Sheldon Adelson’s Coalition to Stop Internet Gambling has obtained the services of former Senate Majority Leader Trent Lott to lobby lawmakers on behalf of the Restoration of America’s Wire Act (RAWA).
The coalition has hired Lott via the lobbying firm of Squire Patton Boggs (SPG), which also counts former Senator John Breaux among its ranks, to do its bidding.
The six-strong lobbying team at SPG, led by Lott and Breaux, was recognized by political news site The Hill as Top Lobbyists of 2014.
Despite their obvious credentials, however, Lott and Breaux may have a hard time drumming up support for RAWA, which remains an unpopular piece of legislation in Washington, among Republicans and Democrats alike.
Many pols dislike the bill because it smacks of cronyism. Senator Lindsey Graham (R-SC), who introduced RAWA to the Senate last month, has announced his intention to run for president, and many observers believe that RAWA is a means of securing the sponsorship and campaign donations of Adelson on the GOP ticket.
“It is an open secret, at least inside the Beltway, that this legislation is being considered as a favor to billionaire casino owner Sheldon Adelson,” said Ron Paul in an op-ed piece for Eurasia Review last year. “Mr. Adelson, who is perhaps best known for using his enormous wealth to advance a pro-war foreign policy, is now using his political influence to turn his online competitors into criminals.”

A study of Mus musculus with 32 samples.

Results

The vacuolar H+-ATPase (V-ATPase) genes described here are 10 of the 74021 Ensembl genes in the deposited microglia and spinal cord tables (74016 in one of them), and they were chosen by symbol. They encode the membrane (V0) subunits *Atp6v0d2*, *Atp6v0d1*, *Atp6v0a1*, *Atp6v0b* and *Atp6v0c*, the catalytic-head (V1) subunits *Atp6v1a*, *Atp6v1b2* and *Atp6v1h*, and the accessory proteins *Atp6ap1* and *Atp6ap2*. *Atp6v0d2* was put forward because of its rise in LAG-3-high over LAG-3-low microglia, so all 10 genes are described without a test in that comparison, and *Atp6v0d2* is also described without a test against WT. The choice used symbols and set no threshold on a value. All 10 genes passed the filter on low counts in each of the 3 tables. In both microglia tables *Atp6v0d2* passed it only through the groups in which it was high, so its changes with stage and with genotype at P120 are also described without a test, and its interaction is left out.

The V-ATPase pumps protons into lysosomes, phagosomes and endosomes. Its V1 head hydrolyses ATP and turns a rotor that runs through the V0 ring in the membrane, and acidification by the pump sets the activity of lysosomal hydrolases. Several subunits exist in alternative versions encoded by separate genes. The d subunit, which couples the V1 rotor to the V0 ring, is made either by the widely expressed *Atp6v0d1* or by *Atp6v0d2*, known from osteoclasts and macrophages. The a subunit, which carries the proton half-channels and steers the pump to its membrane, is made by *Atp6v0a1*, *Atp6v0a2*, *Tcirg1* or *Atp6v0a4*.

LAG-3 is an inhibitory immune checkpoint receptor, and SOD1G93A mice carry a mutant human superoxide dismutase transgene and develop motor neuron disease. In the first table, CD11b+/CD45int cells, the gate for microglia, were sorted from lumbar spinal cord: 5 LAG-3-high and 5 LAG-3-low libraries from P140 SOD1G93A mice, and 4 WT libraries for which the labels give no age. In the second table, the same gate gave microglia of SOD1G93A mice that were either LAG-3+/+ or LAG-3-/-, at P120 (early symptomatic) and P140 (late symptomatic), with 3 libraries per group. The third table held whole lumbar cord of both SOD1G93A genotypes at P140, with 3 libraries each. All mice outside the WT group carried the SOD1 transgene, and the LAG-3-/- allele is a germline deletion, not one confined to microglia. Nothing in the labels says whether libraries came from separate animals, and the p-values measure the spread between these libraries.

Graham, a long-time state’s right advocate, developed an interest in banning online gambling around the time that Adelson’s decided to contribute to his reelection campaign last year.
Meanwhile, because RAWA extends to the prohibition of online lotteries, it faces opposition not just from the three states that have chosen to regulate online gambling and poker, but also from the 12 states that currently offer some form of online lottery sales, as well as the dozen or so more that are debating whether to do so in the future.
“Sheldon Adelson’s power over politicians, especially those running for president, is significant, but Congress must show it is stronger,” said John Pappas of the Poker Players Alliance recently.
Meanwhile, the PPA has been emailing its members, urging them to support the Internet Poker Freedom Act, a bill introduced to the House by Representative Joe Barton (R-TX) in the same week that Graham presented RAWA to the Senate.
“Representative Barton has been a terrific champion of our right to play, and we at PPA applaud him for reintroducing his legislation to provide a federal framework for states choosing to participate in interstate poker,” wrote the PPA in its message.